Indians in Fiji Refuse to Pay Tax

Here are some data points about tax resistance in Fiji in . First, a news article from :

Indians in Fiji Refuse to Pay Tax

Disguised under the title Residential Tax Ordinance, the new poll tax of £1 a year on males over 18 is causing much discontent among Indian settlers in Fiji (says a Suva message in the “News”).

A start will be made in to register all those liable to pay the residential tax, and prison will be the fate of him who does not comply with the law. Leading Indians in every district declare that they will willingly go to gaol before they register their names, and a general passive resistance is highly possible, with all its attendant strikes and bitter feeling.

There are 60,300 indians in Fiji and but 3000 Europeans, so the Indian considers that the poll tax is especially directed at his section of the community. He objects strongly to the tax, because it is inequitable in its incidence, and it hits the poor man harder than the well off. It means the forfeiture of 12 days’ pay to the Colonial Sugar Refining Company’s agricultural laborers, who get about 18 a day if they are diligent. The Government does not permit Indians, however respectable, to use its schools. Indians have no Parliamentary representation, there is no real Indian Affairs Department in the Government, and therefore no sympathetic administration of the big Indian community, which provides the workers of the colony. There is but one steamer a year between Fiji and India by which the thousands who are entitled to and wish for a free return passage to India may travel.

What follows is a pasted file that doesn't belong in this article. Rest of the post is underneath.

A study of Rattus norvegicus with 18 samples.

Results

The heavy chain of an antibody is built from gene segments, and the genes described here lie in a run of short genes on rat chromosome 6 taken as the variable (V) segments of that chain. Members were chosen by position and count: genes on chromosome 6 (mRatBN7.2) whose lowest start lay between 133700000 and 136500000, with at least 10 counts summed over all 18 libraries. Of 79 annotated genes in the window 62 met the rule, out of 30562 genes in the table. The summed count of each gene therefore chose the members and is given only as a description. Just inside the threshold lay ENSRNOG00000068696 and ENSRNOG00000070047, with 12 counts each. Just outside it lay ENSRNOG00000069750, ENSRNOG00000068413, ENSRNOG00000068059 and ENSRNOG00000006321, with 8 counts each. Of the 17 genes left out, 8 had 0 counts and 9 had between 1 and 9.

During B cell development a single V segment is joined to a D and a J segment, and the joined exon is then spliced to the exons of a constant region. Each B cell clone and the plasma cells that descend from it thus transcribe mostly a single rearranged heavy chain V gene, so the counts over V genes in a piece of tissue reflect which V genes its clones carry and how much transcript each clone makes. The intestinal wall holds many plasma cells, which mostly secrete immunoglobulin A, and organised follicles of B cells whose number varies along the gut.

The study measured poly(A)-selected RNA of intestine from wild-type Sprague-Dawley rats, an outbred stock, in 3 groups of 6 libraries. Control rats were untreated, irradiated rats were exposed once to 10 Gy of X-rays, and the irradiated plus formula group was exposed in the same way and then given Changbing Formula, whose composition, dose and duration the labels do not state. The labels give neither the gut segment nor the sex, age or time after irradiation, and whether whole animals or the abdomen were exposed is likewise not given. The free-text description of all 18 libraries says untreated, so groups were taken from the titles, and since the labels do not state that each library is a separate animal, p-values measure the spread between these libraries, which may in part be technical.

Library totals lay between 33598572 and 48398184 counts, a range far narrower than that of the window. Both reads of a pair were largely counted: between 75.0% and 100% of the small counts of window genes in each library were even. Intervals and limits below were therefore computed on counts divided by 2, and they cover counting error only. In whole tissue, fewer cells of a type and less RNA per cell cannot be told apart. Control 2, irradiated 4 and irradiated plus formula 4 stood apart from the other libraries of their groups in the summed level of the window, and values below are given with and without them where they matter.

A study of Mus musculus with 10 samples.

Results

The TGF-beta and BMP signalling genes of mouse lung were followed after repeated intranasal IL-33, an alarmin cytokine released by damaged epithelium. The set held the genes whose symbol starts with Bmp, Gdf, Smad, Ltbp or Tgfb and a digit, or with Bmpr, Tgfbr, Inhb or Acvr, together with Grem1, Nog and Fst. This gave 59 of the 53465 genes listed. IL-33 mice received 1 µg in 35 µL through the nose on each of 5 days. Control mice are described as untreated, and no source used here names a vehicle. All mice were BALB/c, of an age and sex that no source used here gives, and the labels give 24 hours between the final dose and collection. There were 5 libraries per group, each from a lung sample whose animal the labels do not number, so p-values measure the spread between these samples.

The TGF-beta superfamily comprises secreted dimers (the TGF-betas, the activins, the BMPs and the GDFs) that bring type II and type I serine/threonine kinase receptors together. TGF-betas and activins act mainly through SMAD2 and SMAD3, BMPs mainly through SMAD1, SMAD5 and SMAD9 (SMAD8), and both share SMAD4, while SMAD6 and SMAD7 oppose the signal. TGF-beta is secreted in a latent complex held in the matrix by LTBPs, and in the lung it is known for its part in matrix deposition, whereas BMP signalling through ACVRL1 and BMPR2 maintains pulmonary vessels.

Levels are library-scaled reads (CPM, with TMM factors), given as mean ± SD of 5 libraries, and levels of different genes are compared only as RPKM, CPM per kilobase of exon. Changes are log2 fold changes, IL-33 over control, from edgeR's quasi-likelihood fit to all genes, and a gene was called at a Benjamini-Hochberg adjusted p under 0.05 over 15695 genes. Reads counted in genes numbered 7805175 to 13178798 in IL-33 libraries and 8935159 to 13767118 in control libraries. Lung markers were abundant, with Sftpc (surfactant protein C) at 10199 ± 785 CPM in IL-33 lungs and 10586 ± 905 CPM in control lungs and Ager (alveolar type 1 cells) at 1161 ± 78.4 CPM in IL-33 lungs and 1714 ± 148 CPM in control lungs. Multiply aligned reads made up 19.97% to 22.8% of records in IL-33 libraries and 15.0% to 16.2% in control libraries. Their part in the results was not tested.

Next, a dispatch from :

Native Chief’s Arrest

Refused to Pay Tax.

Thrown and Handcuffed.

 Thirty military police and two machine guns were sent to a village to arrest a native chief who had refused to pay a tax of 55/ which had been imposed by the court. The women of the village stoned the party and the chief fled to the bush. He returned to the village later, but before he could be arrested he had to be thrown and handcuffed.

He was sentenced to six weeks for contempt, and six months for having obstructed the police. He said he refused to pay the tax as a matter of principle, and not with any ill will to the Government.

A strong protest has been made that an offence, which was a civil one, should have been used for such action against a high chief. His arrest has intensified the natives’ passive resistance.